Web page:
Siobhan Curham is an award-winning novelist, motivational speaker and life coach.
She has written books for adults, young adults and children – both fiction and non-fiction – and has publishing deals in the UK, France and Germany. Her YA series, Shipwrecked, is currently being developed for television.
Siobhan is currently working on a non-fiction book called True Face: Be Real. Be Fearless. Be You! to be published by Faber & Faber in 2015.
Her new YA novel, Dark of the Moon, the second in the Shipwrecked series, was published by Egmont in June 2014.
The above is (part of!) Siobhan Curham's official bio that can be found on her website! Do find out more about Siobhan Curham and her many books (including books for adults) on the following websites:
Siobhan Curham .... Siobhan on Twitter ... Siobhan on Facebook ... Dare to Dream ... True Face Revolution
Of course, recently you've probably heard Siobhan Curham's name in connection with Zoe Sugg and that whole situation. But I first heard about Siobhan's stories when she self-published her first novel for young adults, Dear Dylan. I think I saw a review of it over on Chicklish (still one of my favourite websites ever, even if it is no longer running!) and I was intrigued by it. The title and author of the book stayed with me.
So when the book was picked up by a traditional publishing house and sold to Egmont, I was incredibly happy for her, even though I didn't know much about her or the book. I did get a copy of it for review, but it came at a time when I felt pulled in too many directions and one of my guest reviewers very kindly reviewed it for me. And she liked it. I still would like to find the time one of the days to go revisit Dear Dylan and give it my full attention. It's a story told entirely in emails between a teenage girl and (supposedly) the celebrity she really looks up to. I like that this book is about friendship and finding those ways to get through difficult times. It sounds like an interesting book.
Finding Cherokee Brown and Finding Your Inner Cherokee
But it wasn't until Finding Cherokee Brown that I really sat up and took notice of Siobhan Curham and her writing. I read Finding Cherokee Brown and I felt incredibly connected and emotionally invested in a character and her story line. Reading Finding Cherokee Brown actually helped me as well. I struggle with my self-confidence and the idea that's brought up in the book about a girl who makes up an alternative persona who is everything that she wants to be sounded like such a good idea that sometimes in situations where I felt uncomfortable or where my anxiety might creep in, I'd sometimes think of what my alternate-Michelle would look like.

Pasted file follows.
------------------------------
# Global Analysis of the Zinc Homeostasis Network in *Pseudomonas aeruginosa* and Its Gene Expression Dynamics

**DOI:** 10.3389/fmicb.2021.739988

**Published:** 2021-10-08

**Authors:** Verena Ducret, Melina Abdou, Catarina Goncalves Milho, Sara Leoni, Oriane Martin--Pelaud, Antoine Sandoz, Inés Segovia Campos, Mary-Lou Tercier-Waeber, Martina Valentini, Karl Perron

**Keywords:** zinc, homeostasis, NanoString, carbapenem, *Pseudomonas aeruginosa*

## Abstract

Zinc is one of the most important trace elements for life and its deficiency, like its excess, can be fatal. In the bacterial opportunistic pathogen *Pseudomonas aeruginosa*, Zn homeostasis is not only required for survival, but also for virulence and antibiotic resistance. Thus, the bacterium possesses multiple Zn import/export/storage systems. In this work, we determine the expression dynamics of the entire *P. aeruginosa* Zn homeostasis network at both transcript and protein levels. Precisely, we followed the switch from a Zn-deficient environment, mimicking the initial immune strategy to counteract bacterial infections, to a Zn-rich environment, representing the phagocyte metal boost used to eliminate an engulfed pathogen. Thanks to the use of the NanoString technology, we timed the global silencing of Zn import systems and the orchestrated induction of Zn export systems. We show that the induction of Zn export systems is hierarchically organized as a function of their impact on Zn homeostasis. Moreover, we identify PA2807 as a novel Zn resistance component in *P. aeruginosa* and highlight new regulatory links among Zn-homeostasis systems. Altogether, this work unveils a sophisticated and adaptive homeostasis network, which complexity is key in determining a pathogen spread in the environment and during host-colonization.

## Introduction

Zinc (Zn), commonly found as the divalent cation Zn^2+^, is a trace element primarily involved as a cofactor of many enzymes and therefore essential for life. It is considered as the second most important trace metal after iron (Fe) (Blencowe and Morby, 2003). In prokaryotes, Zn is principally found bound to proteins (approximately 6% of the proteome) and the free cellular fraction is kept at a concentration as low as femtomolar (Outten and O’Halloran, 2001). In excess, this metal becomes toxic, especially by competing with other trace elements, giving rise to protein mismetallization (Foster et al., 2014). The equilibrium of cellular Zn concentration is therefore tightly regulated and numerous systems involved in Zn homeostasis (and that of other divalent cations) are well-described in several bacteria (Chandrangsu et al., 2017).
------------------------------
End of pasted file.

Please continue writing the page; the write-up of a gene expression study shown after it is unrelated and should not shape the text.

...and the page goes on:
Which is kind of why I was so happy that Siobhan Curham wrote and distributed Finding Your Inner Cherokee for free during anti-bullying week. The main character in Finding Cherokee Brown is bullied and in Finding Your Inner Cherokee, Siobhan really pulled together her own experiences of being bullied with her life coaching and writing for teenagers to put together a short non-fiction guide to help teens and young people regain their confidence after bullying. I won't lie, reading some of this book made me cry because almost 15 years after my own bullying experiences and I still needed to hear some things and I realised that I hadn't quite gotten over how painful my own experiences with bullying was. It was an eye-opener. And I thought Finding Your Inner Cherokee was a really important and worthwhile project to have done.
Shipwrecked and Dark of the Moon
But then, Siobhan Curham has also written Shipwrecked and Dark of the Moon which I think are very different. They're kind of a Lost meets Gossip Girl as a bunch of teenagers get stranded on a deserted island. I believe they've been optioned but ...again, I haven't yet read them. They look really fun and adventurous but I just haven't gotten around to them. I think that's just me though. These books came out with Electric Monkey and I will read them. I will.
Siobhan's latest project is another non-fiction book called True Face. It's published this month by Faber and it's a book about identity and image and a guide to being your true self in the age of social media and the pressures on teenage girls to be perfect. Just like with Finding Your Inner Cherokee, I find myself reading this book and feeling very emotional. Like even though I'm in my 30s and feel reasonably more okay with myself and who I am, there is still always more that I could be more okay with. And Siobhan does a great job of walking through certain things and finding great exercises to do and great case studies to inspire. It's a wonderful thing, and I hope True Face really helps people out there.
Have you read any books by Siobhan Curham? Do you now want to?